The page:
Genghis Khan


He came tae pouer bi unitin mony o the nomadic tribes o northeast Asie. Efter foondin the Mongol Empire an being proclaimed "Genghis Khan", he startit the Mongol invasions that woud ultimately result in the conquest o maist o Eurasie. These includit raids or invasions o the Kara-Khitan Khanate, Caucasus, Khwarezmid Empire, Western Xia an Jin dynasties. These campaigns wur aften accompanied bi wholesale massacres o the civilian populations - especially in Khwarezmia. Bi the end o his life, the Mongol Empire occupied a substantial portion o Central Asie an Cheenae.

Afore Genghis Khan dee'd, he assigned Ögedei Khan as his successor an split his empire intae khanates amang his sons an grandsons.[1] He dee'd in 1227 efter defeatin the Tanguts. He wis buried in an unmarked grave somewhere in Mongolie at an unkent location. His descendants went on tae stretch the Mongol Empire across maist o Eurasia bi conquering an/or creatin vassal states oot o aw o modern-day Cheenae, Korea, the Caucasus, Central Asian kintras, an substantial portions o modern Eastren Europe an the Middle East. Mony o these invasions also resultit in lairge-scale slaughter o the local populations an ar no viewed positively in these parts o the warld today.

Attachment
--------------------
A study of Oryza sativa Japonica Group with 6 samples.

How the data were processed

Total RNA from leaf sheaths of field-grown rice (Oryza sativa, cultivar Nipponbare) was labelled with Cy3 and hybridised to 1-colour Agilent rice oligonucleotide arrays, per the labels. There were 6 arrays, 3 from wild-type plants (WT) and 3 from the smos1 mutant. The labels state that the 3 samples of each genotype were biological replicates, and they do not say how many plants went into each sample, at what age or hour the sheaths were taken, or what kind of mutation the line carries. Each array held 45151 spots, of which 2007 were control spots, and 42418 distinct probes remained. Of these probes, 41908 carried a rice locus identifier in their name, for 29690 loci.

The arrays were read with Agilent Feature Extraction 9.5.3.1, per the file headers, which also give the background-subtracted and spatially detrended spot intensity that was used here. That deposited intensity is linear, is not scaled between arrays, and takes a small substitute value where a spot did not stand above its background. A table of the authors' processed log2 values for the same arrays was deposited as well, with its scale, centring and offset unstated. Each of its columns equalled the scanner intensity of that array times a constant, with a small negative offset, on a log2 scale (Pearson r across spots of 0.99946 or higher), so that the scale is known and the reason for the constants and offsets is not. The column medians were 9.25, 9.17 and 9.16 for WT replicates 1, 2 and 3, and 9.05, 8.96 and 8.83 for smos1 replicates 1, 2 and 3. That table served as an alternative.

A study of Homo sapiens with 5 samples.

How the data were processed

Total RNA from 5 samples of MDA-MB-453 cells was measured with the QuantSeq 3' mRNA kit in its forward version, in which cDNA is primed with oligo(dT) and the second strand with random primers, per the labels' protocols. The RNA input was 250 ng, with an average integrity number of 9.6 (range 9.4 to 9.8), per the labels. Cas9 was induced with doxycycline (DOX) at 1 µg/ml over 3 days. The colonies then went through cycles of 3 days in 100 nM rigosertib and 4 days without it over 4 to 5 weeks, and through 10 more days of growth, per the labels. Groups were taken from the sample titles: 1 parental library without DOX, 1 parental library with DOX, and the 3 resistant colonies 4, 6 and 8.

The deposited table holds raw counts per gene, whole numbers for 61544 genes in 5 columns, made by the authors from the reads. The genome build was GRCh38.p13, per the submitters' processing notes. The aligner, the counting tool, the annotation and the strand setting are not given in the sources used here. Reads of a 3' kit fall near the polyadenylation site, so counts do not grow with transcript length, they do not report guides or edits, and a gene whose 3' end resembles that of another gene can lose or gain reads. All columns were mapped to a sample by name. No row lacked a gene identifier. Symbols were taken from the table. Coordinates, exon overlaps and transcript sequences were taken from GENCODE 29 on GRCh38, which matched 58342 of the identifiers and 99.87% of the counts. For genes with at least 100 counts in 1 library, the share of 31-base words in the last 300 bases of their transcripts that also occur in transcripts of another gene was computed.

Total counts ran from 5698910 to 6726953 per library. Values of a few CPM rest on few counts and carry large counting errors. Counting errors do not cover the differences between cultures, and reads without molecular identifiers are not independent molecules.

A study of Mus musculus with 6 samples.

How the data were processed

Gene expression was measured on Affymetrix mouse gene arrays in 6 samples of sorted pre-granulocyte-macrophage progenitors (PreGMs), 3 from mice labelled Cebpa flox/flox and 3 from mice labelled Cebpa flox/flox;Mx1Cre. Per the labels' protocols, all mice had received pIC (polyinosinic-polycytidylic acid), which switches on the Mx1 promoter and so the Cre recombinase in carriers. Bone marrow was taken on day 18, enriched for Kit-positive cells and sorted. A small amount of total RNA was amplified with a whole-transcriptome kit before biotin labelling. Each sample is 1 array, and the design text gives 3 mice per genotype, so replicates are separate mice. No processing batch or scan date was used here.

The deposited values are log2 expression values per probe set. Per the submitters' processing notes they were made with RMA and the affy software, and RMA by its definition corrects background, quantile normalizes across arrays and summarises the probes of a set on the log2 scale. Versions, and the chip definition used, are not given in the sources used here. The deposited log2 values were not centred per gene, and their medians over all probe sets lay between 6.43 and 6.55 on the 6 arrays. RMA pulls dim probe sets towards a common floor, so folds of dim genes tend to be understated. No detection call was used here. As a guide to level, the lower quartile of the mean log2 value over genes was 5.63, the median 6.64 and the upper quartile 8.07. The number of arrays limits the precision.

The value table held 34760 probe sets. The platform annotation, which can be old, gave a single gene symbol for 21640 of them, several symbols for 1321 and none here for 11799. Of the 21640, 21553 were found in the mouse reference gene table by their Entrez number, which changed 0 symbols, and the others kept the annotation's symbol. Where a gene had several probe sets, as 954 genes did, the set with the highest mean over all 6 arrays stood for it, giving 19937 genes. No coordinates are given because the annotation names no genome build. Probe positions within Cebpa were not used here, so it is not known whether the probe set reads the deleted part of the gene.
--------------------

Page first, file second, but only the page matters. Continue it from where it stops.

Ayont his great military accomplishments, Genghis Khan also advanced the Mongol Empire in ither ways. He decreed the adoption o the Uyghur script as the Mongol Empire's writin system. He also promotit religious tolerance in the Mongol Empire, an creatit a unified empire frae the nomadic tribes o northeast Asie. Present-day Mongolians regard him highly as the foondin faither o Mongolie.[2]

Notes[eedit | eedit soorce]

  1. John Joseph Saunders-The History of the Mongol Conquests
  2. "Genghis Khan". North Georgia College and State University. Retrieved 2010-01-26.